Landscapes from far, near and now


Brooklyn and New York artist Gloria Houng’s small landscapes, layered in layers of wax on small boards, exploit silhouettes and icon-like bits of our billboarded and communications-tower littered landscapes to create a thoroughly up-to-date take on the techno world around us. Houng focuses more on the sky and the treetops, not the land, to show the contrast between voluptuous nature and intrustive, rectilinear man-made structures. She also adds a tiny, tiny cow in each painting, a reference to nature unsullied and tended. Gestures and patterned swoops suggest the invisible communications that fly through the atmosphere (image, right, with cow on telephone pole crossbeam).

Houng’s modernity and her wary look at the world we have built stands in sharp contrast to Thea Schrack’s beautiful, encaustic-paint-coated color photographs.

I’m not sure why I didn’t reject these out of hand as just more landscapes, but they seemed to be about memory and the transformation of fact into a kind of dreamscape. And speaking of the transformation of fact, although the image beneath is a photograph, Schrack often paints over and transforms what’s beneath to the point where the original photo is obscured and what’s shows is something entirely new. Most of these paintings use a river as the traditional landscape pathway that draws you in to the wilderness, in this case the Cosumnes River in California that Schrack had canoed, a place that appears to be unmarred by civilization. The breathtaking reflections on the water, the water’s merger into the landscape around it are not a new subject. But the work looked fresh, the edges declarations of materiality, the markmaking and brushwork on the images barely visible most of the time, melted into the encaustic method. A painting from a trip Schrack took to France, with the striped shadows cast by a row of cedars on a country path calling Van Gogh and Cezanne to mind, reveals a substratum of handwriting in the layers (image left, from Schrack’s Cosumnes River series).

And speaking of layers and text, Mary Bennett, another left coaster, makes swell sculptures from old books by cutting and folding and sometimes stitching or tying the pages. The mappy inside covers speak to journeys of the mind, and the intensive folding speak to time traversed. In her artist’s statement, Bennett, a former corporate sort, wrote, “I am nost interested in using media that has a prior history where I can rework, reimagine, recontextualize or just make up a story” (image right, “The Winemakers,” mixed media & book, 8.25 x 12.25 x 6.5 inches).
Aurora Robson’s paintings are at once cartoony and rich with paint. Some of the paintings, monochrome enamel with white figures on them, also have layers, some of the white figures painted over, the raised outlines from underneath revealed on the super-slick enamel surface (image left). The blobby shapes reminded me of Caspar the Friendly Ghost racing around and bumping into other blobs in the crowded atmosphere. The shapes also had floral allusions and suggestions of a repeat pattern that never quite materializes, but stays loose, uncommitted and verging on chaos. Another series of paintings by Robson suggested landscapes or sea scapes, with lots of compressed motion in the squiggly, loaded brush strokes. Robson, who grew up in Hawaii, works in New York, and will have her first solo show at Richard Levy Gallery in Albuquerque.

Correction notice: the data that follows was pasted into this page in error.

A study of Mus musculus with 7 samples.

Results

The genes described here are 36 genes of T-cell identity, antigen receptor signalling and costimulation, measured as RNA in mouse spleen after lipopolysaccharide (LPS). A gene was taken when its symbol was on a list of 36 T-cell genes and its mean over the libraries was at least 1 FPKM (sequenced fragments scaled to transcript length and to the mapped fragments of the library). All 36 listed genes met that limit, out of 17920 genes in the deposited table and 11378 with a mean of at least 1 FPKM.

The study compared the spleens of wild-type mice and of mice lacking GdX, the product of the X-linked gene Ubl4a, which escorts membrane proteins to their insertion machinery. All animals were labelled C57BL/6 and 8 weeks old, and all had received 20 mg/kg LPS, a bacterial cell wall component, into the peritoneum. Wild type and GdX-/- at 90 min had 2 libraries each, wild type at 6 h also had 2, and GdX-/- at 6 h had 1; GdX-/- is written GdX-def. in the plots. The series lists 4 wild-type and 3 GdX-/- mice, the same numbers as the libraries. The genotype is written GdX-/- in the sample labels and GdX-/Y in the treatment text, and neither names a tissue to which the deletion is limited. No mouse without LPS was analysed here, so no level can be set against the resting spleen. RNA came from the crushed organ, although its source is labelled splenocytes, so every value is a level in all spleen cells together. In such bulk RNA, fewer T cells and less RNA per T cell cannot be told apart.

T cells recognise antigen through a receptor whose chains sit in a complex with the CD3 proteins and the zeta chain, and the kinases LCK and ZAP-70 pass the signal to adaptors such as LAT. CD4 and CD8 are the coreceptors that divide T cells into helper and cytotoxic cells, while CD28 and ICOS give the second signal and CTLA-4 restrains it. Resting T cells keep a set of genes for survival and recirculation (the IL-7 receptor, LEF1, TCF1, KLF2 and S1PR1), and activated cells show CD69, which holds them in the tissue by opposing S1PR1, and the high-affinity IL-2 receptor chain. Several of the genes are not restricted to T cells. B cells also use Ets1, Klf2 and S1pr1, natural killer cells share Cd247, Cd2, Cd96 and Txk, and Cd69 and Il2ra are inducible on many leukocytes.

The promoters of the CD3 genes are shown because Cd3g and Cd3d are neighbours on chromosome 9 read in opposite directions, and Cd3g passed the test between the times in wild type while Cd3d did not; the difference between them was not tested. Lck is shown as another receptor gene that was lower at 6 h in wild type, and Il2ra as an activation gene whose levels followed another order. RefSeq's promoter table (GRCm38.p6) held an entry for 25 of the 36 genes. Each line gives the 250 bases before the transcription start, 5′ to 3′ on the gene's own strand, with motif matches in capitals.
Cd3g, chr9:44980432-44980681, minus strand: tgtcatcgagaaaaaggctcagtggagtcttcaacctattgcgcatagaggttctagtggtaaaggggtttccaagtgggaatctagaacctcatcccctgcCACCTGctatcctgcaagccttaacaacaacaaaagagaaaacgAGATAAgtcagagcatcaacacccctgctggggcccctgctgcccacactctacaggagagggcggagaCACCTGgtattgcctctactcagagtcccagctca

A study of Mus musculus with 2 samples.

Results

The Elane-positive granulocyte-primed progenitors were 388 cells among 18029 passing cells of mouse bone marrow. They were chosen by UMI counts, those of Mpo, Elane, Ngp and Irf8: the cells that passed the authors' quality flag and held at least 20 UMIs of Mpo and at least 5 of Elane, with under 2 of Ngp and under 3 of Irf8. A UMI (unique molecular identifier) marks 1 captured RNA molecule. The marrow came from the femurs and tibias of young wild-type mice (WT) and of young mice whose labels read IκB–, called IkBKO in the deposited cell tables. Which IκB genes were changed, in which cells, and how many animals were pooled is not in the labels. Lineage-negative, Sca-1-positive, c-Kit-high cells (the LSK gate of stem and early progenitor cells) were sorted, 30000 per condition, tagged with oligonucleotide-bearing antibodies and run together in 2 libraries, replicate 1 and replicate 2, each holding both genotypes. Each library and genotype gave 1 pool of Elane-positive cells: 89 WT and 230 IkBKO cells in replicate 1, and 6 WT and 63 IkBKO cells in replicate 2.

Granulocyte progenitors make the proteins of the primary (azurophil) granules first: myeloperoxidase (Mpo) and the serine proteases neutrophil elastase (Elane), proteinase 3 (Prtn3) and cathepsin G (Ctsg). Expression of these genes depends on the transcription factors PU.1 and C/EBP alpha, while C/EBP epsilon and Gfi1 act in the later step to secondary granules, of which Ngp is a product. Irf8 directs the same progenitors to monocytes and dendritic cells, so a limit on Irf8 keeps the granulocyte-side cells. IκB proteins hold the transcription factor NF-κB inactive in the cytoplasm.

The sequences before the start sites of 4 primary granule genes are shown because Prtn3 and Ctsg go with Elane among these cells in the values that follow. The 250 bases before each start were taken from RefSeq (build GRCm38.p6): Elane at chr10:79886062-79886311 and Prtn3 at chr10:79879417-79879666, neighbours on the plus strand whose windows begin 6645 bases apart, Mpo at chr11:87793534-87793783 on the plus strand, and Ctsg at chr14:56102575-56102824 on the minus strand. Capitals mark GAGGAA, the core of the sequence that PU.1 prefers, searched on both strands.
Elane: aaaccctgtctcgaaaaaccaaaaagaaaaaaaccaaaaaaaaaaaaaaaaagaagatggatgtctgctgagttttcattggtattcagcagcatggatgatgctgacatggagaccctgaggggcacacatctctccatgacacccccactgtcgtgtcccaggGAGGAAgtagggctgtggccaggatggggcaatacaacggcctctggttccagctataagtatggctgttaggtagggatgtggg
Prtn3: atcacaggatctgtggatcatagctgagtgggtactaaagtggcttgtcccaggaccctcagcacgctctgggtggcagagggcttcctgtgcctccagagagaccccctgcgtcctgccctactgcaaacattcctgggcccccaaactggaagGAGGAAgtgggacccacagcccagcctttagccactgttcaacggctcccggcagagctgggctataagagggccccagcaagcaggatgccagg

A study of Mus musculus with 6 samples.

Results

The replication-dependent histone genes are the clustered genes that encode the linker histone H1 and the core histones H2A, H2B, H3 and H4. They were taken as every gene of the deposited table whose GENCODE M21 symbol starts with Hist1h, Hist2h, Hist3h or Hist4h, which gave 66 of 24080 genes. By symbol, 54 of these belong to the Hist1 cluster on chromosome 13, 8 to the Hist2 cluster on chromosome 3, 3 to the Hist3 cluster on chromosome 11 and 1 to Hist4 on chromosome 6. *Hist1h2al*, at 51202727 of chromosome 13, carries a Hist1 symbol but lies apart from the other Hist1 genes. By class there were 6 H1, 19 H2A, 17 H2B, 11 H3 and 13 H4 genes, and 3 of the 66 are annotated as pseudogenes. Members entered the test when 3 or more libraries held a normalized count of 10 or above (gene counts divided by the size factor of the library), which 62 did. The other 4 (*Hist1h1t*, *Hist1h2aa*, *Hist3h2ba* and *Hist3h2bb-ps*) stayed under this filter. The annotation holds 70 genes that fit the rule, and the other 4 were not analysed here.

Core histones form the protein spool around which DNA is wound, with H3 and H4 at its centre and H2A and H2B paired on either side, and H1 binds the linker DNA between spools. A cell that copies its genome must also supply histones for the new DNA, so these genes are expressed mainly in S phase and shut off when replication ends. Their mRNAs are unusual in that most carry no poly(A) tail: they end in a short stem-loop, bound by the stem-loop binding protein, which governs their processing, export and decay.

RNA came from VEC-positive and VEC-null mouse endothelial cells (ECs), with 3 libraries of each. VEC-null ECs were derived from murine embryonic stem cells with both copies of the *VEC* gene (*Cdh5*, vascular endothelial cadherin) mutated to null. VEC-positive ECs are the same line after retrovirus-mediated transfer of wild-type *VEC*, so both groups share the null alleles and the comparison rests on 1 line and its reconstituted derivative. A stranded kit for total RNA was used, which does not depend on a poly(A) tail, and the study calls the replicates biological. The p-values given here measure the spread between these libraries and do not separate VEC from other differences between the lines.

The only local artist in the group, Veleta Vancza, brings snappy color density to vitreous enamel over copper mesh to create small sculptural wall pieces that have a jewel-like intensity. These are not your refrigerator’s vitreous enamel; how nice if your refrigerator got a color infusion like this. Vancza, who last year had a Fleisher Challenge show (see post), has taken the imagery from the Josef Albers square to something more freeform–although still in a painterly rectangle, the visible bits of wire mesh suggesting a woven canvas (whereas all the paintings in this show are on board, not canvas!). This newer work, with its peek-a-boo voids and its ragged edges like torn fabric, are lovely. At the same time, their blobby popcorn-meets-bauble looks talk nicely to Robson’s comic white blob paintings (images right and at top of post).

The sixth artist in the group is David Collins, another New Yorker, whose 10″ x 10″ squares on wood seem to offer portholes into space or somewhere else beyond the wall. Collins’ favorite strategy is contrast, and by layering less-juicy monotypes with the density of brushed-on marks and swatches, Collins creates a visual suprise. He also juxtaposes architectural and industrial and pop imagery with gesture. At the same time, there’s something restrained and Japanese about this work. A rakishly angled metal-looking pipe reminded me of James Rosenquist’s “F-111,” but the difference in scale and the focus on a labor-intensive method suggested these are anti-billboards, and something quite different is going on here–a process of charting space–outer space, geographic space, architectural space and maybe also inner space. I like the marks and the space and chart qualities, but in some of them, the exuberance is quenched by the restraint (image left, “Horimono 4”).